Death of a Carpet Dealer by Karin Wahlberg

Karin Wahlberg is the author of a long-running series featuring chief inspector Claes Claesson of Oskarshalm, a small port city in Smaland, Sweden. The first to be published in English translation appears to be the  eighth in the series. That doesn’t detract much from the reading experience, as the story doesn’t demand previous familiarity with the characters.

The book opens on a ferry in Istanbul, where an elderly carpet dealer from Sweden is enjoying the passage across the Bosporus. At least, he’s enjoying himself until someone stabs him in the chest. Who would have committed such a crime in broad daylight, taking advantage of the crowd leaving the ferry to melt away, undetected? And why would someone want to kill a harmless old Swede? Claes is called away from parental leave to check in with the Turkish police investigating the crime. One of his colleagues, a Turkish-Swedish officer, finds himself attracted to Merve Turpan, a detective inspector who is competently handling the Turkish investigation. But before long, the Swedish police realize the roots of the crime most likely lie at home.

This is an old-fashioned, amiable, rambling sort of a book, one that takes its time following various characters about, and giving us a tour of Istanbul that is pleasant and interesting, though punctuated with travelogue info-dumps that are not woven very smoothly into the storyline. I’m always complaining that books are too long, and this one (at 390 pages) is no exception. It may have been my distracted mood while reading the book, but I found it hard to keep focused on the story as we hopped from one character to another, none of them enormously vivid (though a nervous Turkish tea salesman on board the ferry sticks with me, for some reason).  I enjoyed the company of the main characters, and would have liked to spend more time with Merve, but I’m afraid overall it’s a book I’m forgetting much more quickly than I turned the pages. If given the choice of a formulaic thriller or Death of a Carpet Dealer, I would gladly choose the latter, but on the whole I’d rather read something else.

None of this vague dissatisfaction is the fault of the translator, Neil Betteridge, who has done an admirable job. I just have a feeling this is a book that doesn’t suit my personal tastes. The publisher, Stockholm Text (who kindly provided me with a copy) has made a lengthy excerpt available online so readers can see if it’s up their alley or not.

6 thoughts on “Death of a Carpet Dealer by Karin Wahlberg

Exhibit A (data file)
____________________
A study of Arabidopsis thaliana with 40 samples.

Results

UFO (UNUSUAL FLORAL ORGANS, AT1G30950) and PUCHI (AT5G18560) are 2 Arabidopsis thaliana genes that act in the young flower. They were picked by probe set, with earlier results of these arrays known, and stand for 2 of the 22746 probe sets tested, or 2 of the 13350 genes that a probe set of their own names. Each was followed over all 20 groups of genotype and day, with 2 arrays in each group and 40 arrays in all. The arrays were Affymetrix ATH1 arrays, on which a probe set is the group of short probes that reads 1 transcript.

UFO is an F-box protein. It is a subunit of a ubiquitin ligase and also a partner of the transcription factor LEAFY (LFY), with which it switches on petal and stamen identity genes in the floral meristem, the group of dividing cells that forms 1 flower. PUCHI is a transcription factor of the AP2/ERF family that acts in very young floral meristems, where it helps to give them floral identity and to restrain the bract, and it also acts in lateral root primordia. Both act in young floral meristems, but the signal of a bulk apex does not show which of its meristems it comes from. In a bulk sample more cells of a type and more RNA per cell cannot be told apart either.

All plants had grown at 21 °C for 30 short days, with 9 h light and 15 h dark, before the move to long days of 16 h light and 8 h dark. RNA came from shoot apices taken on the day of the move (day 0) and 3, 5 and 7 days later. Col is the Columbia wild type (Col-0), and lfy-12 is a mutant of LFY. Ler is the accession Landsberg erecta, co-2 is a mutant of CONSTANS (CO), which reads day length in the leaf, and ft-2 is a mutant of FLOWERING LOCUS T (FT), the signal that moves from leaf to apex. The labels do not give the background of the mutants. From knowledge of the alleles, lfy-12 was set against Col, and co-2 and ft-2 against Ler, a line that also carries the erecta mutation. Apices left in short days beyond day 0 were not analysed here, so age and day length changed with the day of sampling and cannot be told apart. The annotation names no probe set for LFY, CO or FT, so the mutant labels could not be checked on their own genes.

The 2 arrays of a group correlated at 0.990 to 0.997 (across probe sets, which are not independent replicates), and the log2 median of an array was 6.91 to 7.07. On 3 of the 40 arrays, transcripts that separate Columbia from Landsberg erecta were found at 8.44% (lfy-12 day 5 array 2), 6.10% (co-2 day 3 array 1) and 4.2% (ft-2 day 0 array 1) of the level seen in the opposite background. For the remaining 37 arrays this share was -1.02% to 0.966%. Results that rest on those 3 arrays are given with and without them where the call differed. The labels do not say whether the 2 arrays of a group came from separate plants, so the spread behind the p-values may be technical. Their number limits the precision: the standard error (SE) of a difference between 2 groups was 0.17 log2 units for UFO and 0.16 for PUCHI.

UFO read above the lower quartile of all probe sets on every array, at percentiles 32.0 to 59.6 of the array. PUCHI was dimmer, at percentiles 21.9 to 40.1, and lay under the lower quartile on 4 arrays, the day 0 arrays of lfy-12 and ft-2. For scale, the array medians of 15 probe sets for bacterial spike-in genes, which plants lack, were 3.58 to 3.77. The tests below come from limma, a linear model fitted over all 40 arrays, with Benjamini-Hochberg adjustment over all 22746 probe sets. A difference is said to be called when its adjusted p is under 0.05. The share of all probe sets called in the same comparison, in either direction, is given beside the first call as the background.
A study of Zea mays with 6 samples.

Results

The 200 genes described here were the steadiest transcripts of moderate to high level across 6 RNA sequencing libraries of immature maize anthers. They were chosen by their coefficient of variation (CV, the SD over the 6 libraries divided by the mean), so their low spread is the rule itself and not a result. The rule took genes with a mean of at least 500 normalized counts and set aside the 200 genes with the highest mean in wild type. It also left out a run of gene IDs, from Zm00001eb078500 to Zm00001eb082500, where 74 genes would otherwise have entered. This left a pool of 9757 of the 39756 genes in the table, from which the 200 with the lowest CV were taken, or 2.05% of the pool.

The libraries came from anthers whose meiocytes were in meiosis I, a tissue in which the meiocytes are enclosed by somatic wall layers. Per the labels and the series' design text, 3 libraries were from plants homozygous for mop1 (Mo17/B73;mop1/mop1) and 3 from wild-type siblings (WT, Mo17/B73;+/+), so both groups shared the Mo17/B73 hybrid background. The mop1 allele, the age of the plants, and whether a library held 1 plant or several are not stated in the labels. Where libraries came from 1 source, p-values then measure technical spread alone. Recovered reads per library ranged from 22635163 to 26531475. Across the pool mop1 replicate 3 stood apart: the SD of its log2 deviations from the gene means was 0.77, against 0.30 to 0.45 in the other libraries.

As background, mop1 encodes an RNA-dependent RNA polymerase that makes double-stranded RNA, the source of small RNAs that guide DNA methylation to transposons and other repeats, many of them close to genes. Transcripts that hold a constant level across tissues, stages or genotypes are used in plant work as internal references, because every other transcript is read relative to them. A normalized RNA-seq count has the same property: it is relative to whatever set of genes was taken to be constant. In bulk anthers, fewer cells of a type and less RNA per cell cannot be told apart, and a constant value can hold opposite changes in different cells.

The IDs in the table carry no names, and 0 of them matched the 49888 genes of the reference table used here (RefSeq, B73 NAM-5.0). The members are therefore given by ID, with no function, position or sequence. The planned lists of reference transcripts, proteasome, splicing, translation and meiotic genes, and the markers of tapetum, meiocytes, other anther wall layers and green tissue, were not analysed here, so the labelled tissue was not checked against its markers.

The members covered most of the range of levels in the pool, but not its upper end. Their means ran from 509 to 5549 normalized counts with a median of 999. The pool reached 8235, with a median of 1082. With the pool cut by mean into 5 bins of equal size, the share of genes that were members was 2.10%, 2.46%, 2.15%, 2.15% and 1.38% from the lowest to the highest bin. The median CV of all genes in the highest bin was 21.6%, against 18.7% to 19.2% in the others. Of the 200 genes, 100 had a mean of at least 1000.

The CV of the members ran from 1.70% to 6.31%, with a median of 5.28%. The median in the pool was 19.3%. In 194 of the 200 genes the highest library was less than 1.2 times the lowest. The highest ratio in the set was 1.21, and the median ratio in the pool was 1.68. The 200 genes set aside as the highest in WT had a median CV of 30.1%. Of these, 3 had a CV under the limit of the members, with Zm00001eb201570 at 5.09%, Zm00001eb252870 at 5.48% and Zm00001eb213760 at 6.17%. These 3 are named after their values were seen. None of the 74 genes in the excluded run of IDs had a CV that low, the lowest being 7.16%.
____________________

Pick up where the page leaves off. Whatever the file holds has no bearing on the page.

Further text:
1. Glad to read another review about this book. I so much want to read crime fiction set in locales like Istanbul. I’ll learn something, I’m sure. However, now I am in duality about reading it, a friend would say. Well, I’ll just keep reading reviews.
    I haven’t seen this book in my environs yet, either, so it may be a moot point as I’m not into buying it. However, if the library has it or it’s remaindered at Amazon or Abe Books, I may take a chance.

  2. An observation: I agree with what you said at FF about Otto Penzler’s rant about the “superiority” of U.S./British crime fiction over all other countries’ contributions to the genre. Very retro-thinking, going backwards about 50 years.
    There are so many excellent mystery writers all over the globe. The Internet has helped to publicize international authors and their books, opening up the possibilities to global readers. So many rich, well-written books, with interesting sleuths, are available.
    And, interestingly, he left out, in his Scandinavian section, the great writing team of Maj Sjowall and Per Wahloo, often cited as the parents of modern Swedish (maybe even Scandinavian) crime fiction.
    Anyway, his basic thesis is so outdated it’s ridiculous. The world is full of good writers, including of crime fiction. It’s a joy to discover them.

  3. I probably liked it a little more than you but don’t disagree with your thoughts about it – especially the length. I’d put it in the ‘decent but innocuous cosy’ category – not something I read a lot of but OK for those occasions when I don’t want anything too demanding.

  4. I rather like the author, but I didn’t think this book was her best – I’ve no idea why they decided to translate this one first. Maybe it was the exoticism in the carpet subplot? But that’s hardly typical of the series. It’s true you don’t need any background to follow the book, but I think if you’ve got some you’re more inclined to look kindly on the meanderings, because I’d acquired quite a lot of goodwill over the course of the rest of the series.

  5. I also wondered about the choice of this book – since the publicity material referred to “medical thrillers” and the wife of Claes Claesson, a physician, is one of the minor characters here. I was expecting her to play a larger role, and she was a character who seemed to have more to offer.

    The issue of how much one wants to see of recurring characters and their lives is an interesting one. I enjoy series, but I can get irritable when the only role recurring characters play in a story is to fill us in on what’s going on in their lives. Of course, it would be unrealistic for them to all be deeply involved in each mystery – but it’s a tricky balancing act, and I suspect readers bring different expectations to each new series book. Years ago I enjoyed some of Martha Grimes’s Richard Jury books, but when it seemed the same conversations among the same characters occurred book after book, I gave up. For other readers, that was what they enjoyed most.

    It’s a good thing there are so many books – we don’t have to have the same tastes.

  6. I think Istanbul is a draw right now. It’s an international city, has thousands of years of history and fascinates many. That may be why this book was chosen. Now after reading the comments, I’m not so sure I’ll seek this one out.